Today is Patriots' Day. It's a state holiday here and in Maine, a public school observance day in Wisconsin, and though it's not given any holiday status in Florida, its celebration is encouraged.

There was a quarrel because Lexington wanted it called Lexington Day and Concord insisted it be called Concord Day. In 1894, Governor Frederic T. Greenhalge decided on a compromise and called it Patriots' Day. Maine celebrates it as a holiday, too, because Maine was once part of Massachusetts.

Monday, April 19, 2021, commemorates the 246th anniversary of the opening battles of the American Revolution in 1775 at Lexington and Concord. The night before, Paul Revere and other riders alerted the colonial Minutemen. So who fired off the first shot? Nobody can say definitively, but the British far outnumbered the patriot colonists. The British moved from Lexington and Concord but were surprised by a counterattack from the colonists, forcing the Redcoats to retreat all the way to Boston.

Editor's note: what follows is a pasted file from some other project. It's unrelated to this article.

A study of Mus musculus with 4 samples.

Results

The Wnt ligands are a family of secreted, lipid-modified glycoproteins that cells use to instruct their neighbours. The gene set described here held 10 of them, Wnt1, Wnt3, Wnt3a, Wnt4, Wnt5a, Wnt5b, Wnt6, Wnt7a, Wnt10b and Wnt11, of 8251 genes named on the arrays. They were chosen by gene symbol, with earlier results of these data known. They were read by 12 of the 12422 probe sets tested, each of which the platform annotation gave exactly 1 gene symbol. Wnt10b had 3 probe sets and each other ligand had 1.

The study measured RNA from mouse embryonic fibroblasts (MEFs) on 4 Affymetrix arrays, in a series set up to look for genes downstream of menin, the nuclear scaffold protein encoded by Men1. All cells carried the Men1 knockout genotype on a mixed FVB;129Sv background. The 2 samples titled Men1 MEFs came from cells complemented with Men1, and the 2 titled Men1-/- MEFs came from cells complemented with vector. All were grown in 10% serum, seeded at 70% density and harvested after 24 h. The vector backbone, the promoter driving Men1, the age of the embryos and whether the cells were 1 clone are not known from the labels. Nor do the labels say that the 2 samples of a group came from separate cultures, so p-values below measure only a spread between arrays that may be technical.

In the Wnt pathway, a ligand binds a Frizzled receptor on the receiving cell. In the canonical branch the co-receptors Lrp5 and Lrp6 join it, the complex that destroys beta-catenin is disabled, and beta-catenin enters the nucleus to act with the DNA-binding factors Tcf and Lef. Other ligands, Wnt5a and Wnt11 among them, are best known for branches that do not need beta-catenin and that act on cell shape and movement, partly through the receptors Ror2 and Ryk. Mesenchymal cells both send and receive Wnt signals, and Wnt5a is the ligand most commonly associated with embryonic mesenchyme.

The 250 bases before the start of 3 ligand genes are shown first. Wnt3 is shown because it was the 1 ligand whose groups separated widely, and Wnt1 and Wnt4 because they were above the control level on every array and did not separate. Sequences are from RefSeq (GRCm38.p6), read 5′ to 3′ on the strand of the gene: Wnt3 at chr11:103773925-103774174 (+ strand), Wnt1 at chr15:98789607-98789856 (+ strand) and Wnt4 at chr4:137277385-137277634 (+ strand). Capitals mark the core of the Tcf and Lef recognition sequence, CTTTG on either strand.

I'll stop here with the tutorial and ask the quintessential question: why has America not won any wars since World War II with one exception?

Since WWII, the United States has rarely achieved meaningful victory. We have fought in Korea, Vietnam, the Gulf War, Iraq, Afghanistan, and only the Gulf War in 1991 can really be classified as a clear success. If war is the continuation of politics by other means, then our nation has morphed from being successful at winning big World War-style fights, but we haven't mastered how to win wars against insurgents, in civil wars, with no uniforms to identify themselves.

No longer is war rooted in the thinking that, like a football game, there are two sides with different uniforms, we score points, and the one with the most points wins. That's not how war is fought today.

It's paradoxical, that the greatest military in the world can win on the battlefield against major forces, but can't seem to win the smaller ones. Have we failed to adapt to fighting the new, smaller conflicts? I believe that it's not best to continue nation-building, especially where we know little about their ways of life. We also have civilians in uniforms in those villages where civil war continues. The catastrophic loss of life has been mind-boggling, as has been the extraordinary amount of money we've spent.

On Patriots' Day, it's time we fundamentally rethink our vision of war and how we fight in them.

Phil Paleologos is the host of The Phil Paleologos Show on 1420 WBSM New Bedford. He can be heard weekdays from 6 a.m. to 10 a.m. Contact him at and follow him on Twitter @PhilPaleologos. The opinions expressed in this commentary are solely those of the author.